For graduate students looking for thesis topics, professionals keeping up with the latest directions, or funding managers identifying the next promising projects in photonics, a timely and well-crafted analysis1 is presented in the opening issue of eLight. This perspective is written by two renowned scientists, Prof. Zhigang Chen and Moti Segev, who highlighted three major frontiers in photonics that will most likely undergo exciting growth in the next decade (2021–2030): integrated quantum photonics, topological photonics, and artificial-intelligence (AI) photonics.

With the significant amount of funding from state governments as well as big companies, it is clear that quantum science will continue to take center stage in the near future. The holy grail of quantum technology is the long-term goal of making a fault-tolerant universal quantum computer. Among various approaches under keen investigations, Chen and Segev put their bets on integrated quantum optics. The main argument is the low coupling between photons and the environments, allowing room-temperature operations with the lowest error rates compared to other scalable platforms based on matter-qubits. At least two startup companies, PsiQuantum ( and Xanadu (, are already on their way to produce quantum photonic chips.

Topological photonics is a uniquely new field whose underlying principles are not covered in existing electromagnetics or optics textbooks. (Check out its latest developments on the special issue of Light: Science & Applications2). The field was initiated from a theory of the 2016 Nobel-laureate Duncan Haldane, who proposed the perfect (one-way) waveguiding mechanism at the edge of two-dimensional magnetic photonic crystals. Although time-reversal breaking is the necessary condition for complete back-scattering immunity, researchers have to relax this condition due to the weak magneto-optical effect at optical wavelengths. Although this comes with the penalty of reopening the back-scattering channels and conditional robustness, these non-magnetic topological waveguides are still stabler than their traditional counterparts. Chen and Segev emphasized the idea of using these edge channels to couple VCSEL arrays, addressing the long-standing issue of super-mode instability in phase-locked laser arrays that are intrinsically non-Hermitian and nonlinear devices.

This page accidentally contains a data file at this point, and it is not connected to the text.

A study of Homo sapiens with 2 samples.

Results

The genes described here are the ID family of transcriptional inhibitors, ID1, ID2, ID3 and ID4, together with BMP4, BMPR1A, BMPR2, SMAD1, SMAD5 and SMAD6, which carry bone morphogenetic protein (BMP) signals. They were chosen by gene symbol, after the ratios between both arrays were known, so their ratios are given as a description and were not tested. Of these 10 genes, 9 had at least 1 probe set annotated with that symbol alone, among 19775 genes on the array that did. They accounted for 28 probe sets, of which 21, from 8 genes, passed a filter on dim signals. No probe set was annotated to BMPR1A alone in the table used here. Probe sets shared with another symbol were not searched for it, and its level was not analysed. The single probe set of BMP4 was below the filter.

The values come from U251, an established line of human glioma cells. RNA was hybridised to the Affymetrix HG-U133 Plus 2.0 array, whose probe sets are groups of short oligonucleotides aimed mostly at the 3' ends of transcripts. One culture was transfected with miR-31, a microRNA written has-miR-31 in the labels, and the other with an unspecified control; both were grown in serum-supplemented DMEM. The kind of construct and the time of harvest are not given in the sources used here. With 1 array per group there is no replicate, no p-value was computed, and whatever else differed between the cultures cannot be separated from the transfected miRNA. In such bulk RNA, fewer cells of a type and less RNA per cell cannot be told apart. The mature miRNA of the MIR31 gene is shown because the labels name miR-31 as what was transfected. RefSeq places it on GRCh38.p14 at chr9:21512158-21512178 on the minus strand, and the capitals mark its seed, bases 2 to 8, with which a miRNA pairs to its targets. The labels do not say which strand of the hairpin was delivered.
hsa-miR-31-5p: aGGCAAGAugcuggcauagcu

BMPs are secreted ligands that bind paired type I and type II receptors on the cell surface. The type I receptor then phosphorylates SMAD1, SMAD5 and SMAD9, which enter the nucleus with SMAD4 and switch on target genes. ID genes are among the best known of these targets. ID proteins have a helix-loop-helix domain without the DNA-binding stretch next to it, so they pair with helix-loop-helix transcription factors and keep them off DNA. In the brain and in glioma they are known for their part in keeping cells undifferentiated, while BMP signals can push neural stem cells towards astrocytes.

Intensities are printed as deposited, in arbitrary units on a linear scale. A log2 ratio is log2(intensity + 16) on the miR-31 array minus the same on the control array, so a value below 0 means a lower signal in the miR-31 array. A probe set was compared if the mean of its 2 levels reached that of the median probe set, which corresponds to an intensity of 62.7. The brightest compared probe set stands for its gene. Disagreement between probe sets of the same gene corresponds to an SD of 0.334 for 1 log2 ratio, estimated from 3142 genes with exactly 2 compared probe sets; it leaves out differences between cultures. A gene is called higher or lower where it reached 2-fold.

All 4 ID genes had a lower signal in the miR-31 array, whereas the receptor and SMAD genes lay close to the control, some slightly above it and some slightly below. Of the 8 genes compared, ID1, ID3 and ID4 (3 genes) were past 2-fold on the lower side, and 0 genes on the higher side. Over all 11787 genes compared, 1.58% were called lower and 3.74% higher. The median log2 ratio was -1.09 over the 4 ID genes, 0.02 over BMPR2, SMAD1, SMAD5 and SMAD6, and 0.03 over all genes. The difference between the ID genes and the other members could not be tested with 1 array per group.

The sweeping success of two projects from Google’s DeepMind has reshaped our perception of AI, with Alpha-Go crashing the best go-players and Alpha-Fold predicting protein structures at unprecedented accuracy. We might be seeing the dawn of the AI age, as AI algorithms and products are penetrating our daily lives at an increasing rate, ranging from speech recognition, medical diagnosis to robotics. On one hand, AI can be used to predict photonic designs without solving Maxwell’s equations, on the other hand, photonic hardware can accelerate AI by performing machine-learning computations using photons with much higher throughput and lower energy consumption. A few startups are already building such optical AI-accelerators, including Lightelligence (, Lightmatter (, Luminous ( among others.

Fig. 1: Selected keywords for active photonic research in the next decade (2021–2030).